With the NFL Draft set to open Thursday night and players heading back to their respective teams to report for off season conditioning Tuesday morning, the NFL can continue the appeals process or they could welcome the players back to work.
That is provided the NFL constructed specific rules for 2011. Those rules would be similar to what took place in 2010. Again presuming the 32 owners can agree on the next step, then free agency would begin post haste – possibly as soon as Wednesday. And even if the NFL wanted to pursue a legal fight, hopefully the players will want see the reprieve they've been given and get back to the bargaining table.
Should that play out, the Players for their part would win the short term and leave battle relatively unscathed. And if the NFL does allow free agency to begin and can live with the rules that the 32 Owners impose on themselves, the players should have extra incentive to hammer out a new deal because nearly 500 of them are going to get rich.
This way both sides would win. The Owners would shell out the coin to the veteran players via roster bonus dollars and free agent money. The NFL could take center stage again with a frenzy of signings and deals that would bring back all the fans. That would mean the draft would be twice as exciting and overall the NFL can return to its rightful place atop the Sports world.
In reality, both sides should feel a sense of relief - that despite their combined efforts - they did not destroy the golden goose. And to that, the only way to get a deal done is if owners are paying the players.
And even though NFL Owners were disappointed by Monday's ruling they should not be surprised. At the onset of this round of negotiations (the court talks as I like to call them), it was widely reported that Judge Nelson would rule in favor of the players. I just wish she had done so sooner.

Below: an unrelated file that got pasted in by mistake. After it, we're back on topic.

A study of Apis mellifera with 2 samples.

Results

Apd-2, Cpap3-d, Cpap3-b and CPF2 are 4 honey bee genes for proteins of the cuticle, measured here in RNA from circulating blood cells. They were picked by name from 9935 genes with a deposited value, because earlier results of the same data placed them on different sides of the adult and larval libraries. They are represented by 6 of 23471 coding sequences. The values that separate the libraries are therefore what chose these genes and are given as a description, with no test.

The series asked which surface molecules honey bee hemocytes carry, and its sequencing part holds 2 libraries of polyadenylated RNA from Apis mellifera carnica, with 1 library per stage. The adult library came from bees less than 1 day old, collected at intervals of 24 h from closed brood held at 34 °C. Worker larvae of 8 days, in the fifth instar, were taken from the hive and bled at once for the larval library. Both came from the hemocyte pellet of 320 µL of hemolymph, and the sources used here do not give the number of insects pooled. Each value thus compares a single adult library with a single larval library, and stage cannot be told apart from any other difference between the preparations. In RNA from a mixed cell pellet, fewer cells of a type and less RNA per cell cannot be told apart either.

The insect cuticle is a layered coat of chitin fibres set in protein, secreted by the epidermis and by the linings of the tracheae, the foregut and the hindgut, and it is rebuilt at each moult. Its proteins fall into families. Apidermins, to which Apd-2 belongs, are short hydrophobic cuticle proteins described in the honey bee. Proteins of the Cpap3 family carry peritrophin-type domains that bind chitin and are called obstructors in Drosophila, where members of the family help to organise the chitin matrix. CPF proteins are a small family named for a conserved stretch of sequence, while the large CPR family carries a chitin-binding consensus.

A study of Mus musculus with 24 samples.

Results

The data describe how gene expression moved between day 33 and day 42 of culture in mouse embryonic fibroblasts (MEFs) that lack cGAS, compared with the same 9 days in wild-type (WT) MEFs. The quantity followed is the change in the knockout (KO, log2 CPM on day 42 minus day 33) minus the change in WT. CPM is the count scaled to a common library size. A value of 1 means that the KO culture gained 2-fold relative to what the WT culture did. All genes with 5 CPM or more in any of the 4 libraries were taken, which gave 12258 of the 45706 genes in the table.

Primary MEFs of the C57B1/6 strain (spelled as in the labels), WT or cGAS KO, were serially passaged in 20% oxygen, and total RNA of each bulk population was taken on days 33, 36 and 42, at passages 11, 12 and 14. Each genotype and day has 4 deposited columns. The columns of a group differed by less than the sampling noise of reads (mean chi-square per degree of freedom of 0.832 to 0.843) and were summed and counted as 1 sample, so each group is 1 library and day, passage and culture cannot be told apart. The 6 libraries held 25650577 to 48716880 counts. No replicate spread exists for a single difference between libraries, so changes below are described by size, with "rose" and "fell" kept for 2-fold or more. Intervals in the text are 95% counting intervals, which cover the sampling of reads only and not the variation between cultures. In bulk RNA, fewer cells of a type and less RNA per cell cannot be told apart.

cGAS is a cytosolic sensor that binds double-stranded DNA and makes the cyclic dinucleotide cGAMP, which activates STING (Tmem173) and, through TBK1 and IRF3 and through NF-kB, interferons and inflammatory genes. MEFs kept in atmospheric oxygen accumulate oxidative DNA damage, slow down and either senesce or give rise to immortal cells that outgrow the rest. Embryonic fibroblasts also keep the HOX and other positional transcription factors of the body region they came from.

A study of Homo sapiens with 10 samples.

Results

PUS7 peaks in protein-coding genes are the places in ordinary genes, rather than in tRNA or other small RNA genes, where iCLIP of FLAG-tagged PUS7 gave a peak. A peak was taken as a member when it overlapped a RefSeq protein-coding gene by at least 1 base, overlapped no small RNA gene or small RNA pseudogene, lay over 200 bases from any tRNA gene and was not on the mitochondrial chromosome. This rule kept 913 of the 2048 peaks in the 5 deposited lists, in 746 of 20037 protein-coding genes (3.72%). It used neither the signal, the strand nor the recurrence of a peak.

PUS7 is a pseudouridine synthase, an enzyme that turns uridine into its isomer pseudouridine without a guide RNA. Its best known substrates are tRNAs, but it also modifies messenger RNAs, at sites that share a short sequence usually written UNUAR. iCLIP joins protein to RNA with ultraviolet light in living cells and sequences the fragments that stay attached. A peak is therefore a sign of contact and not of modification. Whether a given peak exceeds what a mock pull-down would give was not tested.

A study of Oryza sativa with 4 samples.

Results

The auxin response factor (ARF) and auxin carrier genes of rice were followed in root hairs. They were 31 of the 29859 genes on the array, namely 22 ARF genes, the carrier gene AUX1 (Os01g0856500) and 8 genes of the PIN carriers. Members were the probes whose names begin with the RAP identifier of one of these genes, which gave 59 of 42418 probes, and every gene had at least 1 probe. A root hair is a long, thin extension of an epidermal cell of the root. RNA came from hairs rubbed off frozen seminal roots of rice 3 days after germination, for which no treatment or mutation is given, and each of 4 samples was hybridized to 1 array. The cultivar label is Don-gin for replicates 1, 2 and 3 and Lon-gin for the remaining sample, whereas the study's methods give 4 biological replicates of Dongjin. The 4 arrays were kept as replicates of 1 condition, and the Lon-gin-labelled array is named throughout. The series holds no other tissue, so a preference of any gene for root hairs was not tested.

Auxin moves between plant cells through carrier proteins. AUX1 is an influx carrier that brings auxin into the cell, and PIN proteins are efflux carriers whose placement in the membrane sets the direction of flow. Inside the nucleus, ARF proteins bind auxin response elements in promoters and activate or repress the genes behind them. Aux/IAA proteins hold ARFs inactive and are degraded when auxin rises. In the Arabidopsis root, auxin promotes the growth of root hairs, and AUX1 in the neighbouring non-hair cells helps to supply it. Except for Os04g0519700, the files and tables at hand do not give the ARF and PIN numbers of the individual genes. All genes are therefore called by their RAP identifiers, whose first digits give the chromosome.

In the aftermath, the fans are left wondering which chess pieces the NFL owners will use or if they'll begin to unravel their internal resolve to break the NFLPA once and for all. It appears that isn't going to happen but the players shouldn't be thumping their chests about that point either. They came perilously close to folding their own tent.
Because long term the players ultimately will get the wrath of the abuse from the rabid fan base when the sport returns to the field. They are the ones that fans go to see on Sundays. The owners are in their luxury suites and away from the fray. Plus true NFL fans aren't going to hammer the owners over this dispute with any real resentment. After all, they are the Billionaires who brought their franchises to their respective cities and pay the freight to keep them in those cities win or lose.
And if there is too much backlash by the fans in some markets, a quartet of NFL franchises in San Diego, Jacksonville, Minnesota and Carolina might just pack up their bags in the middle of the night and move their teams to Los Angeles where the NFL is expected to have a pair of teams by 2014 or 2015.
That aside, the NFL Owners should think long and hard about what's best for the game. Clearly the fans aren't happy and before the NFL risks losing them beyond 2011, they need to look at the positive nature of Judge Nelson's ruling.
The NFL, to their credit, made a bold move just to show their unity to the players. But it might be time to lay down that sword.
If that happens, the players should be grateful they did just that and in turn they need to do everything in their power to work out a long term labor deal that will put all this nastiness behind the game for the next five or six NFL seasons.
Because no matter how you slice it or which side you of this dispute you reside, the apathy that fans delivered since the lockout began, should have made enough of an impression that stupidity and greed will someday bring the NFL back down to earth.
And that's not a place where any one associated with the game wants to be in the short or long term.
WARPAINT ILLUSTRATED MESSAGE BOARDS:
Should the Owners throw in the towel?